After one of my September speaking trips, I came home to discover that my daughter had gone full-on princess. Within less than one-month of Pre-K, she had fallen in love with bows worn by a YouTube child star (despite having never watched YouTube), come home from school wearing a friend’s make-up, and while I was away, also developed a new habit of asking her dad (and now me), “Am I pretty?”
Steve and I have sought to expose our daughter to a variety of toys, books, after school activities, and media across the gender spectrum (and up until this point had likely been a bit too self-congratulatory that our daughter counted, among her favorites, Doc McStuffins, Legos, STEAM Club, and Hello Ruby: Adventures in Coding). Yet somehow, while I was out championing women stepping into their moxie, speaking their truths, and amplifying their businesses and leadership, my daughter had been co-opted by the patriarchy.
Steve jumped into action first. One day, after school, he surprised our daughter (and me) with a trip to a coin store and purchased K a Susan B. Anthony dollar. He called it a “Brave Coin.” He explained to K he was gifting her this special coin because she had confided in him about something at school she felt guilty about. (She and her girl-posse had been making Play-Doh pizzas and told another girl that her pizza was “ugly” – code for, “it didn’t have fuchsia pepperoni pieces” like theirs did.) She knew she hadn’t, as she said, “stepped into her moxie” and told her friends that they were acting mean. So, rather than add to our daughter’s shame, Steve decided to reward her for her daring conversation with him by giving her a reminder of another brave woman – Susan B. Anthony.
When they got home, I read K a passage from my book about Susan B. Anthony, we ordered some books together to help her prepare for other important, potentially uncomfortable conversations (like C is for Consent), and finally conceded to buying her a much desired JoJo bow (as well as Rosie the Riveter and Nevertheless She Persisted bows). In case you are curious, we rotate them around so some days she is down with the patriarchy and some days she’s doing her part to dismantle it.
This story does not have a “happily ever after.” Although K did ask to be Susan B. Anthony for Halloween and to have a female scientist theme for her first birthday party, tomorrow it’s quite possible she’ll be back to playing “super sparkle” on the playground or re-negotiating the age when she’s allowed to get her ears pierced. (To be clear, neither Steve nor I want to deny our daughter the opportunity to play with her performance of femininity, and we also don’t want her identity and self-worth to be enmeshed with whether or not her looks conform to how we are socialized to read beauty in young girls and ultimately women. Furthermore, in addition to her body, we want her to value her voice, her brains, how she treats others and, in an age-appropriate way, discover the evolution of women’s rights and understand how advertisers try to shape her desires and self-image. You know, the stuff it’s taken most of us grown-ups several decades to be competent in.)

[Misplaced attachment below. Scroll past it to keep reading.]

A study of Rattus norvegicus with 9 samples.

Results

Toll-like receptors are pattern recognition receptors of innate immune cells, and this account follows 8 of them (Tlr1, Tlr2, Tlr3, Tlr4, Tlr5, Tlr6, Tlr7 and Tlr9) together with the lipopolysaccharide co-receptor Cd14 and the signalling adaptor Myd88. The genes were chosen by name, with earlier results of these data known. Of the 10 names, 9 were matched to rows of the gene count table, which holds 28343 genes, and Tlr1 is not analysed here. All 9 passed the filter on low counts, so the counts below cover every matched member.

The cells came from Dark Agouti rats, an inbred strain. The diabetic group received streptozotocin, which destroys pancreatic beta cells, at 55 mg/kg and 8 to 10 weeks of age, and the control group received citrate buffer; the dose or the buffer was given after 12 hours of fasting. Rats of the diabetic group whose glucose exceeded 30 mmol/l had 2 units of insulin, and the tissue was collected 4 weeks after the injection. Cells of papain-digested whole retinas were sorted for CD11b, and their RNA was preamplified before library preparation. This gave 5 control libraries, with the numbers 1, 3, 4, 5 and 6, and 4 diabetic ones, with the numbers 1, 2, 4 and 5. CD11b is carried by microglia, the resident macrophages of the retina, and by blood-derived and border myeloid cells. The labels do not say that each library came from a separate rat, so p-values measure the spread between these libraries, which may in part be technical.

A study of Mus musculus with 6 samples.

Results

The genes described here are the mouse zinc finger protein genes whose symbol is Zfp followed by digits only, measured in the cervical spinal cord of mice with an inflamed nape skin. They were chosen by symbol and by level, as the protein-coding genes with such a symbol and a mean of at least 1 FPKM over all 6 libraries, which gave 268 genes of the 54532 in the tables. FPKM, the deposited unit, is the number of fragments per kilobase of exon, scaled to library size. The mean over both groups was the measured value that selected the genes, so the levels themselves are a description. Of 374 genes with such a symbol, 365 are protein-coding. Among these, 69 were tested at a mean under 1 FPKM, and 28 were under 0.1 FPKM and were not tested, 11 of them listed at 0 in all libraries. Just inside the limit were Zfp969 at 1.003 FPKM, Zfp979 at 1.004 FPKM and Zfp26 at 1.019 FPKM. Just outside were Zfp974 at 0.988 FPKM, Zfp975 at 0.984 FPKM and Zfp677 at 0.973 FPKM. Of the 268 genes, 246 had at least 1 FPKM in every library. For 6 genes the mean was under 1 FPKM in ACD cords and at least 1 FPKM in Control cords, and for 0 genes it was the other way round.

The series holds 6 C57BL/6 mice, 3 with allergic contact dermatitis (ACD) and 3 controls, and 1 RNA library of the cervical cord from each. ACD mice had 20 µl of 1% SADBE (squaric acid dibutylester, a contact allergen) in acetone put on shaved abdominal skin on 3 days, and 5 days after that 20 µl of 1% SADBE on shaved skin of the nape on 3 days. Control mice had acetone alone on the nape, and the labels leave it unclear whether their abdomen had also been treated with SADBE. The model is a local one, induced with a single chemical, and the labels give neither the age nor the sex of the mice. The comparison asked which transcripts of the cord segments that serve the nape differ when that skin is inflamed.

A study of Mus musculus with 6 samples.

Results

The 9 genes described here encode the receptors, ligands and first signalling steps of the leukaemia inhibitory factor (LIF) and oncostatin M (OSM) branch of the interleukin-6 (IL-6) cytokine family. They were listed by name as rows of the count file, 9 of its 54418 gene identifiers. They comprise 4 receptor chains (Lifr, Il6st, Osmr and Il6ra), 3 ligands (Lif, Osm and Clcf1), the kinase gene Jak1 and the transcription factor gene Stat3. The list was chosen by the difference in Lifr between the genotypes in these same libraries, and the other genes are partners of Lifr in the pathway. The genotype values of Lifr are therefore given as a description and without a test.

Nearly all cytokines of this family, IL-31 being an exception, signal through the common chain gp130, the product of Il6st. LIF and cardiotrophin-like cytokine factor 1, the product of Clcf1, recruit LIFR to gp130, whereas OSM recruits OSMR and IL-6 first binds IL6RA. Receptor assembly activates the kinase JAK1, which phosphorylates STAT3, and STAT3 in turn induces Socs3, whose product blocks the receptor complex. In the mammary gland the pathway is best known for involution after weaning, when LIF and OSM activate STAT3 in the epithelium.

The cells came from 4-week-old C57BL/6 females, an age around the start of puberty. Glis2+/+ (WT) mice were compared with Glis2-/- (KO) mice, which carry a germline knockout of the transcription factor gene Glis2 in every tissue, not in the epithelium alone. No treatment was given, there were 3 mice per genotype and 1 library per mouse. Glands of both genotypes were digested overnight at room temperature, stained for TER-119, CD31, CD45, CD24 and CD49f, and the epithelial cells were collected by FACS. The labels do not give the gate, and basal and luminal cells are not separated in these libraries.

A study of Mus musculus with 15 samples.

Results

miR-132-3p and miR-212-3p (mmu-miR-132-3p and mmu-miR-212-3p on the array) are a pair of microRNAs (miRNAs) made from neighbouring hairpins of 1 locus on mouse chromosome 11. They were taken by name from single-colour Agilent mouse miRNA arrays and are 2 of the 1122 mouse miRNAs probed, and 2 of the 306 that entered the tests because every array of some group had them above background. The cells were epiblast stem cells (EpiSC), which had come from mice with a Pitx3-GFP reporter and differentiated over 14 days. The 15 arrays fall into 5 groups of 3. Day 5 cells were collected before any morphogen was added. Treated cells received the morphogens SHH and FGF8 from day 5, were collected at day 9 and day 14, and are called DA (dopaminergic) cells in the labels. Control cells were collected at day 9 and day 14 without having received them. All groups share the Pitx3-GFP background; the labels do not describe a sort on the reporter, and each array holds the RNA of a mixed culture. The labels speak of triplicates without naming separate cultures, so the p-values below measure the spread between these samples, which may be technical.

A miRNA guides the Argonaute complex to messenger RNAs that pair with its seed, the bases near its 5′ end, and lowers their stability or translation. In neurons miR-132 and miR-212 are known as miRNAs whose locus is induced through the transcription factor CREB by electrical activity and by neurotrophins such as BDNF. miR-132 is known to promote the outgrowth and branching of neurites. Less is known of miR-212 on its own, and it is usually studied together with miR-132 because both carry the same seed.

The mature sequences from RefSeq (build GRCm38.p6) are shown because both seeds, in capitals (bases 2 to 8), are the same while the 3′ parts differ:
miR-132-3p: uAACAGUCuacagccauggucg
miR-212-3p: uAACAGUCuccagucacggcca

Fortunately, I believe this story does have a “happy enough ever after” when it comes to stepping into moxie, and I hope you can carry it forward with you into your professional life and, if you have young people in your life, into how you interact with them.
If we want anyone, whether in early childhood or older adulthood to step into moxie, we need to give them opportunities to role-play their communication aloud before asking them to speak up – or expecting them to have unshakeable presence when they do it. For our daughter, that means role playing consent and safe-touch conversations as well as how to speak up if a friend uses hurtful words toward her or another classmate. We’ve turned it into a daily game, and in the process, made it something we all look forward to. For you, role-playing might be for a negotiation with a prospective client, event organizer, or supervisor. Or, practicing a speech or live pitch aloud. How can you similarly make your role-playing fun and, as necessary, an opportunity to bond with others who have a stake in your success?